Home Cut Lumber

Discussion in 'FAQs' started by Steam Donkey, Nov 9, 2003.

  1. railcodger

    railcodger New Member

    Here is my "homemade" setup fpr cutting stripwood.....
  2. railcodger

    railcodger New Member

    Sorry, I guess that I need to do some more homework on posting photos on this forum.

  3. jon-monon

    jon-monon Active Member

    Welcome to the -gauge, RC!!!

    At the top of the page is a link called Adding Images which 'splains it all.

    Love to see what you have, if you can't get it to go, you can just e-mail it to me, and I'll post it on your behalf ;)
  4. Bill Stone

    Bill Stone Member

    I wonder if this is the same or similar to what you got for $5. This is in the Micro Mark catalog for $100!

    Attached Files:

  5. farmer ron

    farmer ron Member

    Stan: I use what Bill has done, I use a balsa stripper, got it at a hobby shop that specializes in model aircraft. I get my coupons out of the paper for Michaels and buy three inch and four inch width balsa sheets, usually the one sixteenth thickness size.
    With the aid of a #11 blade you can sit and strip away at whatever width you want. If you want thicker sheets they sell them also. Ron..
  6. Rusty Stumps

    Rusty Stumps Member

    For those who where interested I've posted pictures of the auxiliary table on my band saw and the finished version of the surface sander. At www.rustystumps.com, go to bottom of page for the links.

    I too tried the Balsa Stripper and wasn't happy with the results. I found it tended to wander and thus I had a lot of waste. Each to his own I guess.

  7. jon-monon

    jon-monon Active Member

    Thanks for the info, Walt. I moved your comma outside the link tags, so the link will work.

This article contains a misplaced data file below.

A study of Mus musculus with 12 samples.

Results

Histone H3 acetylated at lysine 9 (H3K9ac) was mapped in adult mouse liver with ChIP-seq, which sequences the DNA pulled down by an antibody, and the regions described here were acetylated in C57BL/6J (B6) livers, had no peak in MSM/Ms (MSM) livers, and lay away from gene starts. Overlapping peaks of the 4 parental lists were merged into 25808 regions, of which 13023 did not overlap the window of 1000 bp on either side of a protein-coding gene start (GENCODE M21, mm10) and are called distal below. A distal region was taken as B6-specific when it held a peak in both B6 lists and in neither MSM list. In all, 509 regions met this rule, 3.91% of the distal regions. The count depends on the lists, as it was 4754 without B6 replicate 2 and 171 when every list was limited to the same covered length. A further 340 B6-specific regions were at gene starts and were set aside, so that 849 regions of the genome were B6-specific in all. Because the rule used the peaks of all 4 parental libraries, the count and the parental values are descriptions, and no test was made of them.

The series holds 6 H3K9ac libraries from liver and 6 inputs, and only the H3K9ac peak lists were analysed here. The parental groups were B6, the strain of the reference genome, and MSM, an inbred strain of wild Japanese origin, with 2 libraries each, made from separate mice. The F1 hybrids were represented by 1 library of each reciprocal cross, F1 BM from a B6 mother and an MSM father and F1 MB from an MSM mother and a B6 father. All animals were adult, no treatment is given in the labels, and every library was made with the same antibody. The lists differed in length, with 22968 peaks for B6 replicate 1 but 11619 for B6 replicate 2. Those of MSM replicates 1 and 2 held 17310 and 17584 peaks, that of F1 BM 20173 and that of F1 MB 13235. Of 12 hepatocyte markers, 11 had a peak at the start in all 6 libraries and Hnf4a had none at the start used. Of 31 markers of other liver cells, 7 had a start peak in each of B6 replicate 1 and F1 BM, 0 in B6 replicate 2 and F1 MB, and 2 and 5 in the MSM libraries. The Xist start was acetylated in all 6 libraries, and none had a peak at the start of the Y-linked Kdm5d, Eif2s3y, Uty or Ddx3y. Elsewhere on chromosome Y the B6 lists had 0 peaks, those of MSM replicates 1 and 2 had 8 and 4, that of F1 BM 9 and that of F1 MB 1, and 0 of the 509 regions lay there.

8. Steam Donkey

    Steam Donkey Member

    Thanks for the tip Ron, but I'm going to be using some harder woods in my scratch building, and knowing my luck, I may slice off more from my fingers than the wood! :eek:

    Walt, that's a nice looking sanding setup! :cool: It reminds me of the homemade one I used about 15 years ago in the cabinet shop I worked at. One question, it appears you manually feed the wood into the sander on a sliding board (please correct me if I'm wrong), how does the wood "stick" to the board when it goes under the drum?

  9. TrainClown

    TrainClown Member

    Thanks Bill!

    Yah, that looks just like my little saw. Glad to finaly see that someone thought it was worth wile to keep in production. Now mabie I can get some parts to compleat my set.

    TrainClown :)
  10. Rusty Stumps

    Rusty Stumps Member

    Steam Donkey, No, the board doesn't slide it's a tight fit to the table. I had to add it because I had originally built the unit for a much larger drum and rather than take it all apart I just added the extra table.

    This was a good move as I was able to force slide it back and forth under the sanding drum to true it to the drum something I couldn't have done with the fixed table.

    The wood is hand fed, single pieces or multiples depending on the width being sanded. The sewing machine motor isn't really strong enough and if I try to take too much off at one time it will stall. I can remove about .005 with each pass.

    I've kicked around the idea of making these as a commercial venture but the cost to get going at it would be more than I'm willing to chance. I would do the sides in fiberglass reinforce resin and use thruss bearing set into the side frames rather than the pillow blocks. As I said, the motors would be another matter to deal with. It was fun to build.